Living in a foreign-language environment is a good school of humility. You don't know how to say what you might say, ask for what you might need, or tell the joke or story you feel inspired to tell. Certainly one could say that the protection of religious life softens or domesticates these challenges, but on the other hand perhaps the safety of the friary encourages one to bear the challenges fruitfully.
Today I was grateful for a few of my first practical uses of the very simple Italian I've picked up so far. First, at supper tonight a guest appeared at the friary. When the friars discovered that he was an American, he was given to me so we could speak with each other. It fell to me to discover who he was and what he was doing in Assisi, whether or not he was a friar and/or a priest, etc. If you're wondering why such things weren't known about a guest who must have been pre-approved in some way or other, then you have an idea of religious life as a much more organized enterprise than it actually is. I don't think I knew how to explain everything to the friars' satisfaction, but at least I managed the basics, and did enough to make the man feel comfortable and received.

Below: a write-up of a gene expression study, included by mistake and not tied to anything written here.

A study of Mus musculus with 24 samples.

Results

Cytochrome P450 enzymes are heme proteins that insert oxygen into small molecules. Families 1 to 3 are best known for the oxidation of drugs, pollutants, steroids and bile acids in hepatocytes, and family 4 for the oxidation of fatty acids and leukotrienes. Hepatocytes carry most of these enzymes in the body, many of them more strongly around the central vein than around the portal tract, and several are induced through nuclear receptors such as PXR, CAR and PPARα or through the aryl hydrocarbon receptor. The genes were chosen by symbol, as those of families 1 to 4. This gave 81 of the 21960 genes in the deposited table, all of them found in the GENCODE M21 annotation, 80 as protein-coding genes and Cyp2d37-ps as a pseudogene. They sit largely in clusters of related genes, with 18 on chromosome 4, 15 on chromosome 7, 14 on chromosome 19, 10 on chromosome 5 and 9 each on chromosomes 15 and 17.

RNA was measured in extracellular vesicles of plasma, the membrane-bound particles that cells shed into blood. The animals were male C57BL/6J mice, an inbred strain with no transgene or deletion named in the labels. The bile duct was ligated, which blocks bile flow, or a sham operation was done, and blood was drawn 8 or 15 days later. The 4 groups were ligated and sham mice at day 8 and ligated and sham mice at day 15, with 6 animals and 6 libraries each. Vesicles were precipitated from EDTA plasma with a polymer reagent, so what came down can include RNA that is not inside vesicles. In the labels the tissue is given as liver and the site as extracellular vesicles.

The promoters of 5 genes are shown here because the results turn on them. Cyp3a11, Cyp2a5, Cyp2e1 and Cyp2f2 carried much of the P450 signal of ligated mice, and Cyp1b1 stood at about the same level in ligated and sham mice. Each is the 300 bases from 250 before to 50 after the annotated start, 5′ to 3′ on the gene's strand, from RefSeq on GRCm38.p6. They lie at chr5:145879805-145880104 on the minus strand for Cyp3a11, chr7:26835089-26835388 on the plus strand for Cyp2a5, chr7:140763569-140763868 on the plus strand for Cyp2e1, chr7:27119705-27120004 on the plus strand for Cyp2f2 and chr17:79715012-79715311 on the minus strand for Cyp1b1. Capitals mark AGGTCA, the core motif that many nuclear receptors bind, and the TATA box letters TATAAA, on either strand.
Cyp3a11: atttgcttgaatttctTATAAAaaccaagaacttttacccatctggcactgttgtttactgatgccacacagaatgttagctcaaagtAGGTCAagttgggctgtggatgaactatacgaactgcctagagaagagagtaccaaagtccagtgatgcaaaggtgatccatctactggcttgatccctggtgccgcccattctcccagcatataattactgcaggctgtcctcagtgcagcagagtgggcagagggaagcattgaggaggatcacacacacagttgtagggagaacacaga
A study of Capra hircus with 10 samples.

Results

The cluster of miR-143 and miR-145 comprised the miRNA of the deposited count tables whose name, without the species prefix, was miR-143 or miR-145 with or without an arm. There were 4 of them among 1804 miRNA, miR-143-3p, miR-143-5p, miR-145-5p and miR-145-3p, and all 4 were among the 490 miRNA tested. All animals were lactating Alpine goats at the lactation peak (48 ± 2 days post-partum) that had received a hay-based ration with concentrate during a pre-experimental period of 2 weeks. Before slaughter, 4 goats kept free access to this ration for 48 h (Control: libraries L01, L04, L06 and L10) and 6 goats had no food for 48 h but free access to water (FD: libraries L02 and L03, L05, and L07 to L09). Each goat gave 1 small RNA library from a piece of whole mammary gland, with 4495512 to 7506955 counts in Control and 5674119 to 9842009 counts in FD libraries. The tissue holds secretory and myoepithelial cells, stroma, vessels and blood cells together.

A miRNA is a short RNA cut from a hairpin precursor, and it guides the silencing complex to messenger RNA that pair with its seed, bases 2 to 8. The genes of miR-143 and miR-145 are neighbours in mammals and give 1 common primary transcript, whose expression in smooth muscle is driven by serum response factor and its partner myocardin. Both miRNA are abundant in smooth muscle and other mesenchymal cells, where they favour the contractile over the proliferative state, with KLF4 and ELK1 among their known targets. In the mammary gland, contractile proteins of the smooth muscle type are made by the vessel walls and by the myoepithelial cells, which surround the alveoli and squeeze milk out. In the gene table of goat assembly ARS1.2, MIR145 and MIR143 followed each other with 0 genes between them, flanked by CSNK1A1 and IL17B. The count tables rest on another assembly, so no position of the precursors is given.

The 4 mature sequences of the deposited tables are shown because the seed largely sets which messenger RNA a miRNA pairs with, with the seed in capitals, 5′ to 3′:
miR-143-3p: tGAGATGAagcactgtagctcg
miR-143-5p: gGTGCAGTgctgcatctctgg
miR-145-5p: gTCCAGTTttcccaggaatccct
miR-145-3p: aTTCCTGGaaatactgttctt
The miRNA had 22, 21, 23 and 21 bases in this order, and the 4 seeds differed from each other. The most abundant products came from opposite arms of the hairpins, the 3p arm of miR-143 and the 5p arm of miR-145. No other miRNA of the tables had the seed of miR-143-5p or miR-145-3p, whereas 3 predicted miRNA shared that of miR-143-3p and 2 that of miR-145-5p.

Second, I was approached tonight by one of the authorities in the house and asked for what intention I have been offering the Mass on the two mornings I have been here now. I answered that I had offered those Masses for the intentions of the guardian of the house, proud to seem like a properly trained religious.
Third, as I was working through emails, a couple of the young friars appeared here in the "Sala Computer" and I could see that they were intrigued by my desktop wallpaper. It got to be very funny as I tried to explain Hans Memling's allegory of chastity.